Over the next few weeks I will be going over each state specific requirements for Wills. Simple general guidelines are listed below. (*Please note that this information was obtained from nolo.com)
Requirements of You
For a Will to be legally valid, both you—the person making the Will—and the Will itself must meet some technical requirements.
To make a Will, you must either be:
· at least 18 years old, or
· living in a state that permits people under 18 to make a Will if they are married, in the military or otherwise considered legally emancipated.
Your Mental Competence
You must be of sound mind to prepare a valid Will. The laws generally require that you must:
· know what a Will is, what it does and that you are making one
· understand the relationship between you and the people who would normally be provided for in your Will, such as a spouse or children
· understand the kind and quantity of property you own, and
· be able to decide how to distribute your belongings.
This threshold of mental competence is not hard to meet. Very few Wills are successfully challenged based on the charge that the person making the Will was mentally incompetent. It is not enough to show that the person was forgetful or absentminded.
To have a probate court declare a Will invalid usually requires proving that the testator was totally overtaken by the fraud or undue influence of another person—and that person then benefited from the wrongdoing by becoming entitled to a large amount of money or property under the Will.
Requirements of the Will Document
State law determines whether a Will made by a resident of the state is valid. Additionally, a Will that is valid in the state where it is made is valid in all other states.
Contrary to what many people believe, a Will need not be notarized to be legally valid. But adding a notarized document to the Will verifying that the Will was signed and witnessed can be helpful when it comes time to file the Will in probate court. This option is called a Self-Proving Option and is available in all but a handful of states.
There are surprisingly few legal restrictions and requirements in the Will-making process. In most states, a Will must:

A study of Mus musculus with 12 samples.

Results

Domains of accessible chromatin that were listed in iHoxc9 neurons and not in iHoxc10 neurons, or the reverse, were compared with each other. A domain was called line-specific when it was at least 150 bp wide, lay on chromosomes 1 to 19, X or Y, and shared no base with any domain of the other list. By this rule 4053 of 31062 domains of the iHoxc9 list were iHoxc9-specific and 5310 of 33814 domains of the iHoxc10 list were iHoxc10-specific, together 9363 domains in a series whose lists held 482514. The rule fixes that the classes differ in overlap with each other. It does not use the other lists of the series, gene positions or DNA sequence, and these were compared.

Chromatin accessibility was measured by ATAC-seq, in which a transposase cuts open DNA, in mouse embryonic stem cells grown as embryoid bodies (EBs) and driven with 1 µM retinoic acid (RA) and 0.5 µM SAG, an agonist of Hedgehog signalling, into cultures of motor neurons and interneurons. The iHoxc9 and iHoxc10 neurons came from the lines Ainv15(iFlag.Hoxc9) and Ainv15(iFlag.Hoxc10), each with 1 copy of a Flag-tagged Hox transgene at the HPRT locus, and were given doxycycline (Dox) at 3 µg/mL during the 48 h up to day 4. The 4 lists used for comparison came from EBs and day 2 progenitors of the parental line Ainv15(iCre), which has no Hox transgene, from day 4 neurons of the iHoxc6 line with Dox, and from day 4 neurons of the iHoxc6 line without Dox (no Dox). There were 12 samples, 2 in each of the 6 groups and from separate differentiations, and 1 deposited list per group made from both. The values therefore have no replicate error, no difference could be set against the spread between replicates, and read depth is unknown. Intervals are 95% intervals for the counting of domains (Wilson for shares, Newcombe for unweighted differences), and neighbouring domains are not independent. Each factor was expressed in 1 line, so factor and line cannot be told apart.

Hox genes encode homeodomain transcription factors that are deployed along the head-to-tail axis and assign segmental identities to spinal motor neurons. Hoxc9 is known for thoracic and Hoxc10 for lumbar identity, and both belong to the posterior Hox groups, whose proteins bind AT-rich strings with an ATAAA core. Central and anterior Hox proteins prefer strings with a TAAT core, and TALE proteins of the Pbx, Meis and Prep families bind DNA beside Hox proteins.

· include at least one substantive provision—either giving away some property or naming a guardian to care for minor children who are left without parents
· be signed and dated by the person making it
· be witnessed by at least two other people who are not named to take property under the Will, and
· be clear enough so that others can understand what the testator intended. Nonsensical, legalistic language such as: “I hereby give, bequeath and devise” is both unwise and unnecessary.
Dying Without a Will
If you die without a valid Will, money and other property you own at death will be divided and distributed to others according to your state’s intestate succession laws. These laws divide all property among the relatives who are considered closest to you according to a set formula—and completely exclude friends and charities. (see our Blog page for Intestate Succession laws by state)
These legal formulas often do not mirror people’s wishes. For example, dividing property according to intestate succession laws is often unsatisfactory if you are married and have no children, because most state laws require your spouse to share your property with your parents. The situation is even worse for unmarried couples. Except in a few states, unmarried partners receive nothing. And even in the states that offer exceptions, benefits aren’t automatic—eligible couples must register their partnerships with the state. Also, if you have minor children, another important reason to make a Will is to name a personal guardian to care for them. This is an important concern of most parents, who worry that their children will be left without a caretaker if both parents die. Intestate succession laws do not deal with the issue of who will take care of your children. When you don’t name a guardian in your Will, it is left up to the courts and social service agencies to find and appoint a personal guardian.